POTSDAM The village has tabled its vote on the 2013-14 budget in response to a call to delay cuts to recreation. The boardroom was packed at Mondays meeting, and many voiced concerns about the future of the program.
Under a resolution passed last month, the village agreed to cut funding to the recreation program by the end of 2013. The village has long split the cost of recreation with the town, and village leaders have urged town board members to take up the cost.
This creates a legal dilemma for the town. The village of Norwood has its own recreation program, and according to Supervisor Marie C. Regan it would be illegal to charge Norwood residents for a program that they do not use.
However, the town may be able to create a recreation improvement district, which would tax residents of the village of Potsdam and the town outside without taxing Norwood residents.
Such a move will take time, Mrs. Regan said, and will require a townwide referendum. She asked village trustees to rescind its resolution and agree to continue funding recreation for another year, until the start of 2015, while the town explores its options.
What we want is simply more time to make sure we can do this correctly, she said.
If the year ends and a solution is not in place, the results could be devastating for area children, she said.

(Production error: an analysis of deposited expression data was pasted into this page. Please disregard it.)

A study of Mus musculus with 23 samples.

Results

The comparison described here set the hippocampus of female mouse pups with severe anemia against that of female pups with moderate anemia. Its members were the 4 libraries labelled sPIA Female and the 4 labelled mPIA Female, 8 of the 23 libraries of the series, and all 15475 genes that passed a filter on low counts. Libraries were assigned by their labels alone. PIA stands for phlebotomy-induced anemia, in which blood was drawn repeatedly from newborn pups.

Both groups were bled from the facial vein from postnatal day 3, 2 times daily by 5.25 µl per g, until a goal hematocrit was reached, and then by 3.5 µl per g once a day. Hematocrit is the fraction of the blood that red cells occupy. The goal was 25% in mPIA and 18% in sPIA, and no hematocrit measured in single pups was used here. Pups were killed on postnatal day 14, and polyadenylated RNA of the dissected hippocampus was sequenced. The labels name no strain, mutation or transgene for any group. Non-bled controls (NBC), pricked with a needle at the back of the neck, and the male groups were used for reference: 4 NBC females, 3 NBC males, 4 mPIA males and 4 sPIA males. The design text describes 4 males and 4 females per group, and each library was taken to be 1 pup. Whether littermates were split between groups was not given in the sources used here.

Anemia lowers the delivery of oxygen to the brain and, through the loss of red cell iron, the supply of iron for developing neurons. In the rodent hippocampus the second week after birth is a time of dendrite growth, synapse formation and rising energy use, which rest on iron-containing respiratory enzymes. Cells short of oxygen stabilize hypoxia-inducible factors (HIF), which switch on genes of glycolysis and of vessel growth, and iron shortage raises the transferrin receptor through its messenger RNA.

We dont want our hockey players and our figure skaters to, in the middle of a season, have the arena locked up, she said.
Many members of the public spoke in favor of the Recreation Department. Everyone agreed it should be kept open, although opinions differed on how to do so.
Michelle Garrow has worked as a lifeguard with the program since the early 1990s, and said the program provides a necessary place for kids to go.
They come rain or shine. They know that someone is there to look out for them, she said, defending the request for the extension.
Some village residents supported the request, but others say the taxes they pay are unfairly high compared with the much lower taxes paid by town residents.
Yes, support recreation, but not out of the village budget, said George Arnold.
Several brought up the frequent tax disputes between the village and town, including town highway taxes that have long been protested by some villages. Former Administrator Robert R. Burns said these disputes will continue until the town and village can sit down and work out their tax issues as a whole, rather than one fight at a time.
We are all members of the same community, he said. Some of these arguments have been going on for 25 years.
Mayor Steven W. Yurgartis said the resolution was made because of a lack of cooperation from the town.
We have asked for their cooperation for two years, and there was no cooperation, he said. I was not proud of having to take that action. It was a hard action to take. But it seemed the only way to spur action.
The board had planned to vote on the budget Monday night, but the vote was tabled to allow further discussion of whether to fund recreation.
Trustees Ronald Tischler and Stephen J. Warr said they would support the extension. Mr. Yurgartis and trustee Eleanor F. Hopke said they would consider it, but they wanted to meet with town leaders first to see if the extra time was truly needed.